CNNâ??s nationwide post-debate poll gave the win, if only by a slight margin, to President Obama based on the answer to the broad question â??Who won the second presidential debate?â?ť The split was 46 percent to 39 percent, just outside the margin of error. Left-leaning websites blazed with â??Obama wins,â?ť but even CNN modulated its headline with â??Split Decisionâ?ť and a story that said the poll results â??give a slight edgeâ?ť to Obama.
â??Tieâ?ť was probably closer to a truthful headline, especially when considering the answers to a number of CNNâ??s other poll questions, which showed Romney even with or better than President Obama on a variety of topics.
For instance, Romney enjoyed a substantial lead on perceptions of his discussion of the economy, which his team has tried to make a defining issue in the campaign.
From CNN: â??Mitt Romney was seen as better able to handle the economy (58 percent for Romney to 40 percent Obama), taxes (51 percent to 44 percent), and the budget deficit (59 percent to 36 percent) among the debate audience, but it seems that issues were trumped, or at least blunted, by intangibles, including the expectations game,â?ť says CNN Polling Director Keating Holland.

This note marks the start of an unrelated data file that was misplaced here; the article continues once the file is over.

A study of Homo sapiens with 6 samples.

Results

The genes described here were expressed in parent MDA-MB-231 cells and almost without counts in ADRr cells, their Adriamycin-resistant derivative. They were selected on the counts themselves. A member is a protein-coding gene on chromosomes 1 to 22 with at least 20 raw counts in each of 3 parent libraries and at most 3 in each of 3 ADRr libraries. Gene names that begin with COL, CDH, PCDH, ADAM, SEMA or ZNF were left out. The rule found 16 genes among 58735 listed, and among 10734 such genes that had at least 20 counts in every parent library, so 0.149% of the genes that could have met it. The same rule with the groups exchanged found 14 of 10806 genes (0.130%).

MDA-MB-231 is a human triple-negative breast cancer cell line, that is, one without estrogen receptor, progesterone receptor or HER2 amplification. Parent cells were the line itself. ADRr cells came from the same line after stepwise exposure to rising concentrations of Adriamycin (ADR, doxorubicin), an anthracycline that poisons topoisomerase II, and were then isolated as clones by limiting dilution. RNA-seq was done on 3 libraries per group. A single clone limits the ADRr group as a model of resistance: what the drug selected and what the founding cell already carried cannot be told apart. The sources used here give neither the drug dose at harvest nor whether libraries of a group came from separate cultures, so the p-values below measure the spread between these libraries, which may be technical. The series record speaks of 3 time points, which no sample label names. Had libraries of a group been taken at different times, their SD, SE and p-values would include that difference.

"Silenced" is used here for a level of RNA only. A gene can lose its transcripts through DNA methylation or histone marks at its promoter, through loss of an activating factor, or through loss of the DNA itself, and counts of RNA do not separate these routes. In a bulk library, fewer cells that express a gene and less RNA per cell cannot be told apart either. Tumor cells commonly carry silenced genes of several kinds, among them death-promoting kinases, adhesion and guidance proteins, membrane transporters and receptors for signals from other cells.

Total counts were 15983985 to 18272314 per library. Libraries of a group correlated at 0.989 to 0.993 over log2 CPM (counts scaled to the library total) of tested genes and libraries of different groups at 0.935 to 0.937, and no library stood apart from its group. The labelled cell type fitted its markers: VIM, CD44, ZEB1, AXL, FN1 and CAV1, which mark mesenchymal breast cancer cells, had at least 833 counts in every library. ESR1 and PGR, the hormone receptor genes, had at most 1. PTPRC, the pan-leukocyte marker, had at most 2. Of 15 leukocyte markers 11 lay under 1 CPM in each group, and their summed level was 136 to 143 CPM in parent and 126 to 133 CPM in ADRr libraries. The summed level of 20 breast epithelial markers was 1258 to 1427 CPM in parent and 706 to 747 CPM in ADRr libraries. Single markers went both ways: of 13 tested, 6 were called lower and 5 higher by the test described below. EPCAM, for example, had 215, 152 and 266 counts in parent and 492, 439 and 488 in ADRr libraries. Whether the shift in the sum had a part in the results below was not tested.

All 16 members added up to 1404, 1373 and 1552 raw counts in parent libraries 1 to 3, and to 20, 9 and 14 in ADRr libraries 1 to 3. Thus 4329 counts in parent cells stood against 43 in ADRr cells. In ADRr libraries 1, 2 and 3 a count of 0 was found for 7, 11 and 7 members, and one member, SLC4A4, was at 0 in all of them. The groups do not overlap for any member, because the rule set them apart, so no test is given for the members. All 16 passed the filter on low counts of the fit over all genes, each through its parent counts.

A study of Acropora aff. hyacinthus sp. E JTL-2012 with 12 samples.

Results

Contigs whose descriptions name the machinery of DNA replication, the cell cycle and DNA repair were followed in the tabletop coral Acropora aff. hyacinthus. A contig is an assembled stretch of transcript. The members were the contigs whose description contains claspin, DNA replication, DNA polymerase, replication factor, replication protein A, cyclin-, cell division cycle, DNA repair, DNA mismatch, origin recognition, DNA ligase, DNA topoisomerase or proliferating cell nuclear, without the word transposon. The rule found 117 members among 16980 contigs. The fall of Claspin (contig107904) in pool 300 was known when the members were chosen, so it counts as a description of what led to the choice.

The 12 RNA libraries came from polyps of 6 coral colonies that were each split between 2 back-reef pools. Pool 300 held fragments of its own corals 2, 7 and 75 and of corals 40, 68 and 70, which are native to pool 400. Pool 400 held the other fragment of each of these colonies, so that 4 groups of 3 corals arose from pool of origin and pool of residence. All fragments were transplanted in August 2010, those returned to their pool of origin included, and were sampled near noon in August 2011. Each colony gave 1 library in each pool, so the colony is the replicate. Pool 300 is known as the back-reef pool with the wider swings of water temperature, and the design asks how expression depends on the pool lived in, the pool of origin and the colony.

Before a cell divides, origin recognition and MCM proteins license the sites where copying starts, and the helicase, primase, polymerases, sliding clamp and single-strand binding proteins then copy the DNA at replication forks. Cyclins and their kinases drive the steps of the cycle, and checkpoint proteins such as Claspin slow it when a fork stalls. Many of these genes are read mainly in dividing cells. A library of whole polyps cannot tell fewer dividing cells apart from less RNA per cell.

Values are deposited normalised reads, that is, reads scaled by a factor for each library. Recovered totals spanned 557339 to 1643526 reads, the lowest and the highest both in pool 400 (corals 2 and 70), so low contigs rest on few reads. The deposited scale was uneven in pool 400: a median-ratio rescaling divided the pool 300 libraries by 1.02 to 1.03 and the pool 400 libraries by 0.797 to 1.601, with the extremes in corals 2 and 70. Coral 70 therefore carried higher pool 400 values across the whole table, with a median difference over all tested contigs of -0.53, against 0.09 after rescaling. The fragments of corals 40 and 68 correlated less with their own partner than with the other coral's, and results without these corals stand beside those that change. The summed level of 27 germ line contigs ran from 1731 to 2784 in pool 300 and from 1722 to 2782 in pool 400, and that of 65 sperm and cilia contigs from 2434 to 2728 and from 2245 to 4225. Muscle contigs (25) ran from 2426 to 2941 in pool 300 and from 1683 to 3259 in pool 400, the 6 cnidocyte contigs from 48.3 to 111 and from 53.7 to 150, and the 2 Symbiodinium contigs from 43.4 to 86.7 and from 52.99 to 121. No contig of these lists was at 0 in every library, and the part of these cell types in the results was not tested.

On the intangible measures Holland refers to, as reported by HuffPost: Romney took a slight (49 percent to 46 percent) advantage on being a stronger leader, while Obama scored points for being more likable (47 percent to 41 percent) and caring more about the audience (44 percent to 40 percent). Forty-five percent of respondents said Romney answered questions more directly and 43 percent said Obama did, while 49 percent said Obama spent more time attacking his opponent and 35 percent said Romney did.
The instant poll of 457 registered voters who watched was taken immediately after the debate, according to CNN.